Getting Fuelish

Fuel flows in from the right, through the filter, the shut-off valve, and the red cube - then on to the engine.

One of the interesting things about the Subsonex kit is that it is easy to skip around from one task to another as you're building. If I get tired of attaching piano hinges for control surfaces for instance, I can jump over to installing the oxygen system. Exhausted by working down in a footwell to install a ruder pedal? Time to go work on the fuel system!

And one of the neat things about the jet is the simplicity of the fuel system. The big fuel tank behind the seat feeds a header tank via dual, parallel pumps. Then there is a fuel line that goes from the header tank, through a filter, an electric shutoff valve (controlled by the FADEC computer), and the fuel flow cube, then into the engine. The components all attach in a line, and you only make two fuel lines. Aside from working in a very tight space, its a piece of cake, as both of the lines you have to make are pretty simple, geometrically. The only trick is getting the length perfect, considering that you have to allow for the flare... but each have a little bit of S-curve in them, which allows you to fudge that length a touch. It all works out in the end.

A long straight fuel line leads back through the fuselage from the header tank to the component cluster.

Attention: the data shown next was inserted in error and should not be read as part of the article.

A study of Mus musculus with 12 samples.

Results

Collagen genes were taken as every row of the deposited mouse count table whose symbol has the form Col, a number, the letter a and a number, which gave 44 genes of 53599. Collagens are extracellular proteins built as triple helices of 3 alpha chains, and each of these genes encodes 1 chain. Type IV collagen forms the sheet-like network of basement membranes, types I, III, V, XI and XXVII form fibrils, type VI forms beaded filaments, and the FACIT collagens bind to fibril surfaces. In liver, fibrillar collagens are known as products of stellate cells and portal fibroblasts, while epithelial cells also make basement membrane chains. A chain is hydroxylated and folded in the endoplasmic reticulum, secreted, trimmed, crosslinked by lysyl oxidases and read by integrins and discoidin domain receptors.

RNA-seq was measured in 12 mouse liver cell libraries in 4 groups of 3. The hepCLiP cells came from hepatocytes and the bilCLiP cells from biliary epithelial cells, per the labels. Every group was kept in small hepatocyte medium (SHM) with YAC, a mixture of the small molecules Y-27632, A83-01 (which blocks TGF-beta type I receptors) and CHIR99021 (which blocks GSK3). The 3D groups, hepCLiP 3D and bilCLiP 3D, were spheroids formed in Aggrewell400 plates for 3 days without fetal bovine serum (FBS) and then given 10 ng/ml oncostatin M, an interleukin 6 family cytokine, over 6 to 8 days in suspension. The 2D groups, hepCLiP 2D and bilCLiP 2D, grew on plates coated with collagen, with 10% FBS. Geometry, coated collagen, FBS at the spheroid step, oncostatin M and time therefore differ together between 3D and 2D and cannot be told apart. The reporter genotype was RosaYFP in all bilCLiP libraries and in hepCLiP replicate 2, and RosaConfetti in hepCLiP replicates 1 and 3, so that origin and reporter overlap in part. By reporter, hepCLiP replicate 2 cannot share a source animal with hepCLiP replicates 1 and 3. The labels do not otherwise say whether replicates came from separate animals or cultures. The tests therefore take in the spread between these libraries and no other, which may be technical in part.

Sonex has done a great job of including every fitting that you need from the fuel cap to the engine inlet--I haven't had to dip into my shop supplies of AN fittings even once for this job (something which I consider normal for most projects). With most kit aircraft, the builder has considerable leeway and choice in power plants and components--but the fact that there is only one option in power for this little bird means that it is easy for them to kit exactly what you need!

The header tank outlet features a fitting for the fuel pressure sensor, and the line heads aft from there.

Now... back to those control surface hinges... and it looks like the weather is clearing--maybe we can actually get some air time for a change!

Paul Dye

Paul Dye, Kitplanes® Editor in Chief, retired as a Lead Flight Director for NASA’s Human Space Flight program, with 40 years of aerospace experience on everything from Cubs to the space shuttle. An avid homebuilder, he began flying and working on airplanes as a teen, and has experience with a wide range of construction techniques and materials. He flies an RV-8 that he built, an RV-3 that he built with his pilot wife, as well as a Dream Tundra they completed. Currently, they are building a Xenos motorglider. A commercially licensed pilot, he has logged over 5000 hours in many different types of aircraft and is an A&P, EAA Tech Counselor, and Flight Advisor, as well as a member of the Homebuilder’s Council. He consults and collaborates in aerospace operations and flight-testing projects across the country.